Climate
Timeline of Extreme Weather Events Aligns with Scientists' Predictions of a Warmer Planet

World Resources Institute

By Kelly Levin

Over the past several months, extreme weather and climate events in the form of heat waves, droughts, fires and flooding have seemed to become the norm rather than the exception. In the past half-year alone, millions of people have been affected across the globe–from Europe suffering from the worst cold snap in a quarter century; to extreme flooding in Australia, Brazil, China and the Philippines; to drought in the Sahel. Records have been broken monthly in the continental United States, with the warmest spring and 12-month period experienced this year and severe fires and drought affecting large swaths of the country.

So how bad has it really been? The World Resources Institute has put together a timeline of extreme climate and weather events in 2012. This is not a comprehensive listing of every event, but an attempt to compile the most significant events of the year.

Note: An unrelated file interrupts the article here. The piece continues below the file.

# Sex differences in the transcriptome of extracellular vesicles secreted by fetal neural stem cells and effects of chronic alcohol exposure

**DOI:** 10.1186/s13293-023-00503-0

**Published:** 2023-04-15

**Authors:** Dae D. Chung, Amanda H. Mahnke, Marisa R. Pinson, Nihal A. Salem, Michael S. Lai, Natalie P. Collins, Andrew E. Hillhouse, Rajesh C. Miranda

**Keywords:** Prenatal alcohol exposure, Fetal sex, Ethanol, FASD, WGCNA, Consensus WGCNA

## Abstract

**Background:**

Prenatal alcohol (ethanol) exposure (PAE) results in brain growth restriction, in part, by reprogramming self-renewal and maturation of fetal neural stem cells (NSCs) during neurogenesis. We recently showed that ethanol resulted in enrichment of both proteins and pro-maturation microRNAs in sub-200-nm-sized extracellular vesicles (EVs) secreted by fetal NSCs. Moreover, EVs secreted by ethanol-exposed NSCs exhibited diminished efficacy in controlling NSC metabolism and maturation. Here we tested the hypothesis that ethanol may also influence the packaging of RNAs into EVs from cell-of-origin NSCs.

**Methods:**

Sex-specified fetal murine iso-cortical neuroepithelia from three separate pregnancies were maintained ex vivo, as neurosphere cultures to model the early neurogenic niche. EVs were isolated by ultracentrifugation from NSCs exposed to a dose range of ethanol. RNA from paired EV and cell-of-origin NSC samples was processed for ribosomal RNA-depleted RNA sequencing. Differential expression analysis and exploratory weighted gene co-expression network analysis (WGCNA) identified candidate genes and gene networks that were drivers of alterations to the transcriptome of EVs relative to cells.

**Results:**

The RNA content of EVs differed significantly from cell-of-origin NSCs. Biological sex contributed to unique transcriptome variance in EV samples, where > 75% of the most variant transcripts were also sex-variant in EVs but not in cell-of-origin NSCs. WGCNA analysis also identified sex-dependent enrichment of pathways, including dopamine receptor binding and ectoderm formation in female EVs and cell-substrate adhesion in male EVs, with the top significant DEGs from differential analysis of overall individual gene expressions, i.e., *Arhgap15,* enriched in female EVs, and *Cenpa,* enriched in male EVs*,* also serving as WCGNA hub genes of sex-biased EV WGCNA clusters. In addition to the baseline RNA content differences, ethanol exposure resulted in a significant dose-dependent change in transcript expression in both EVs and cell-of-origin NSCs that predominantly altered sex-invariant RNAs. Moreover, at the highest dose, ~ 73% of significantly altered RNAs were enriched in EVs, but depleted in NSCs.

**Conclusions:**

The Climate Change Connection

Many people are asking whether climate change can explain the recent spate of extreme events. While the timeline is not an attempt to perform analysis connecting any of these events to climate change, many of these occurrences are in line with what scientists have predicted in a warmer world. Plus, the science of attributing extreme events to human-induced warming has improved significantly. This evolving science is documented on the timeline as well.

It’s too early to tell how the rest of the year will take shape, and it’s true that every year is marked by floods, droughts, heat waves and other extreme events. However, these past months are unusual in that numerous records have been broken around the world.

What we do know is that many extreme events will increase in severity and intensity if we continue on our carbon-intensive pathway. While it’s too late to reverse the course of past extreme events, there is much we can do–and must do–if we are to stop fueling the intensity and severity of our changing climate.

Visit EcoWatch’s CLIMATE CHANGE page for more related news on this topic.


The timeline was created with assistance from Hilary Ross, World Resource Institute's Communications Coordinator.